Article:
Third period suddenly an advantage for UMass hockey in 2015-16

By Ross Gienieczko

Shannon Broderick/Daily Collegian
Shannon Broderick/Daily Collegian

It’s hard to define what it means to be a third period team, but it’s safe to say the 2014-15 Massachusetts hockey team was not one in any sense of the term.

Last year’s Minutemen allowed 83 goals in the first two periods throughout the year, but surrendered 69 goals in the third period and overtime alone, a Hockey East worst. It goes without saying that such a discrepancy is not the trait of a winning hockey team, and UMass finished 11-23-2.

But this season, UMass has kicked its ugly third period habit so far and it’s been a big reason the Minutemen have started the year 3-0.

“We’ve seen out of this group in the early going the resilience and belief in each other,” UMass coach John Micheletto said after Friday night’s 5-2 win against Sacred Heart. “I like the fact that we can take leads in the third, catch up in the third, extend leads in the third. Three games in, we’ve found a lot of different ways to do it, and that’s very encouraging.”

Friday’s game was nearly the polar opposite of a typical 2014-15 UMass loss. The Minutemen were not at their best in the opening two periods, as a Pioneers goal in the last five minutes of the second tied the game at 2-2.

In the third period, however, the script was reversed. UMass generated some early chances, but 13 minutes, eight seconds into the third, Dominic Trento found a wide-open Dennis Kravchenko in front of the net and Kravchenko blasted a one-time slap shot home to give the Minutemen a 3-2 lead.

Just two minutes, 34 seconds later, Trento found the puck in the middle of a net-front scrum and poked it home to make it 4-2.

Kravchenko added an empty-net goal to finish a hat trick and cap a third period that saw UMass outscore Sacred Heart 3-0.

“We were playing fine. I thought we were happy with our game. We controlled the puck a lot in the first and second period,” Pioneers coach C.J. Marottolo said. “In the third period, we gave some of their really skilled guys some really good looks, and we lost some one-on-one battles that really turned the tide tonight.”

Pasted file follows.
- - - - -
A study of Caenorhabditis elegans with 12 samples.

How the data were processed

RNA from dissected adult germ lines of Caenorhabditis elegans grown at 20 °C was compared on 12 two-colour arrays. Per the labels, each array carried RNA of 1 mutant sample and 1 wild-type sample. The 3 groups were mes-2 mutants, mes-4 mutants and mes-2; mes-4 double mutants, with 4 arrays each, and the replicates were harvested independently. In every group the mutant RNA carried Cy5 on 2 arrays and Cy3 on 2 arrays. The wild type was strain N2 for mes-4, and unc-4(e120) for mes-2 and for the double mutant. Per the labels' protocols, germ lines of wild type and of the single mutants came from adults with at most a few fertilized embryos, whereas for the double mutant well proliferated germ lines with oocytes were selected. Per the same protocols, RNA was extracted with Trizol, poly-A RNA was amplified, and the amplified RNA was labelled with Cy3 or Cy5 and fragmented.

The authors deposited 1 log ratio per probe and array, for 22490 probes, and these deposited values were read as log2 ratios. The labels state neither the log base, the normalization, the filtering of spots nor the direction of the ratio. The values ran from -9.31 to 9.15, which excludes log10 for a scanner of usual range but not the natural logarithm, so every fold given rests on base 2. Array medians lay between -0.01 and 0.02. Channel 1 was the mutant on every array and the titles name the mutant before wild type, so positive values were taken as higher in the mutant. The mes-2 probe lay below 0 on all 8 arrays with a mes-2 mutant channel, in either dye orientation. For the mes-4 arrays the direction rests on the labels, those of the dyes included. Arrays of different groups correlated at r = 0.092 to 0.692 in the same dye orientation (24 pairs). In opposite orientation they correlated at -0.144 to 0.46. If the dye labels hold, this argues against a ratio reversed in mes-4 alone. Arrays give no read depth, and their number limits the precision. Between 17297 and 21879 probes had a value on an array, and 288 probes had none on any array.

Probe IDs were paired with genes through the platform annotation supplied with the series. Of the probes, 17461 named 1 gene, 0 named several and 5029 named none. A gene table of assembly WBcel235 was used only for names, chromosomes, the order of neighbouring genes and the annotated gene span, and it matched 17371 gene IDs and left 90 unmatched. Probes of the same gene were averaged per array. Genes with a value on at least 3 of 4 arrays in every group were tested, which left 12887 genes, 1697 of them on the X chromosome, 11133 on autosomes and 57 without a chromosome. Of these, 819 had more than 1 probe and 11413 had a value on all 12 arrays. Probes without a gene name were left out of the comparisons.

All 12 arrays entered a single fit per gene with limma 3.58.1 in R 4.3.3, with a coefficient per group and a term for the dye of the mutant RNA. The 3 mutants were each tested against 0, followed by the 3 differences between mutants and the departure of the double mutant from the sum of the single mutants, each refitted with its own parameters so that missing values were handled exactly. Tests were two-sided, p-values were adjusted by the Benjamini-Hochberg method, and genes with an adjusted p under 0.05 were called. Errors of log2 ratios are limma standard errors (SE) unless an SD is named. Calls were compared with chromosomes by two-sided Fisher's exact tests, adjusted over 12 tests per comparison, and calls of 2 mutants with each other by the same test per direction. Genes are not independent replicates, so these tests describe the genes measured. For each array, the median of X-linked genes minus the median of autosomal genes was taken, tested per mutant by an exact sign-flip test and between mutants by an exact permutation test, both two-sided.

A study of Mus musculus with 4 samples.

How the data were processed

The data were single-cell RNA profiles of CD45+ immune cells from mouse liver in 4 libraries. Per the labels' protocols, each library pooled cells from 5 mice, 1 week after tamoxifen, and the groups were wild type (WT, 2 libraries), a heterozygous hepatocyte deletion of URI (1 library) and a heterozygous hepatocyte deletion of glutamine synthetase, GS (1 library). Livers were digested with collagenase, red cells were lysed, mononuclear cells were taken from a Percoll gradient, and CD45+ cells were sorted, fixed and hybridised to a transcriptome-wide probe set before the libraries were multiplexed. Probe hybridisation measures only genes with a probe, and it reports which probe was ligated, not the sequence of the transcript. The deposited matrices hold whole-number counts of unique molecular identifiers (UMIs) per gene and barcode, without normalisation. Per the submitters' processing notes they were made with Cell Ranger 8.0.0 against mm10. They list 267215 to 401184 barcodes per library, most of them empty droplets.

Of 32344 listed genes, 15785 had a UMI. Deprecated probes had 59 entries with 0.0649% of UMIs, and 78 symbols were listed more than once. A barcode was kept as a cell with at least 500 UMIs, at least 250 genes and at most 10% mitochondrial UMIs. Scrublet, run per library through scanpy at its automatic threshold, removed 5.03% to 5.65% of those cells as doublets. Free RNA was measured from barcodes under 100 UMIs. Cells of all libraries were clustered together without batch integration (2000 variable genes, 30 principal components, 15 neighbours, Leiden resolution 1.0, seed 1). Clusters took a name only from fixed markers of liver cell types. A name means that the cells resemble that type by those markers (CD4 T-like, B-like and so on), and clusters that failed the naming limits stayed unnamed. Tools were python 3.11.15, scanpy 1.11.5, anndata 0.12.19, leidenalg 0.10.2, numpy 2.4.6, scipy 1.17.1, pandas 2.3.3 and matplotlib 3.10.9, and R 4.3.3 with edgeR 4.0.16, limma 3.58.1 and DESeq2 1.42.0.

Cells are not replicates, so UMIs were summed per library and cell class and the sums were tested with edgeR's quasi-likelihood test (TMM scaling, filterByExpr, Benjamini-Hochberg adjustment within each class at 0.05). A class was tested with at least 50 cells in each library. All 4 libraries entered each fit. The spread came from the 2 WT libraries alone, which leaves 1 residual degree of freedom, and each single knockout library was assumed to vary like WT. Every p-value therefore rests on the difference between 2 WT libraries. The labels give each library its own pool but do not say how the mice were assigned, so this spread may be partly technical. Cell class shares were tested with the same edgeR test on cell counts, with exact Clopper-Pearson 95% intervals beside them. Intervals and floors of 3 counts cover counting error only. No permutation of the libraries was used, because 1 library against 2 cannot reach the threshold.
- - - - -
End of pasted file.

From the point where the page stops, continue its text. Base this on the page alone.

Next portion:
It’s hard to say why the Minutemen have found new life in the final 20 minutes of the game, but Kravchenko said he thinks UMass has been able to simplify its game.

“We’re not getting ahead of ourselves in the third period. We’re staying calm and doing what we have to do,” Kravchenko said. “Sometimes we’re down, sometimes we’re up. We’re just sticking to the game plan and making sure we do the right things and hopefully get a win.”

Micheletto, on the other hand, said he was just happy the team keeps finding ways to win.

It’s not the first time UMass has dominated a third period this year. Last Saturday against Colorado College, the Minutemen stormed back from a 3-0 deficit, scoring four times in the third to earn a 4-3 victory. The night before, UMass scored twice in the third to clinch a 6-3 victory against the Tigers.

By the numbers, the Minutemen have outscored opponents 9-to-2 in the final frame to this point. In contrast to last year, they’ve tightened up defensively in the third, limiting opponents to just two goals in the third against six in the opening two frames.

UMass has avoided disaster in the third period this year so far. In fact, it’s been one of their advantages to this point.

If they can keep it up, the Minutemen will see more results like Friday night, and fewer of the heartbreaking defeats they suffered in 2014-15.

Ross Gienieczko can be reached at [email protected] and followed on Twitter @RossGien.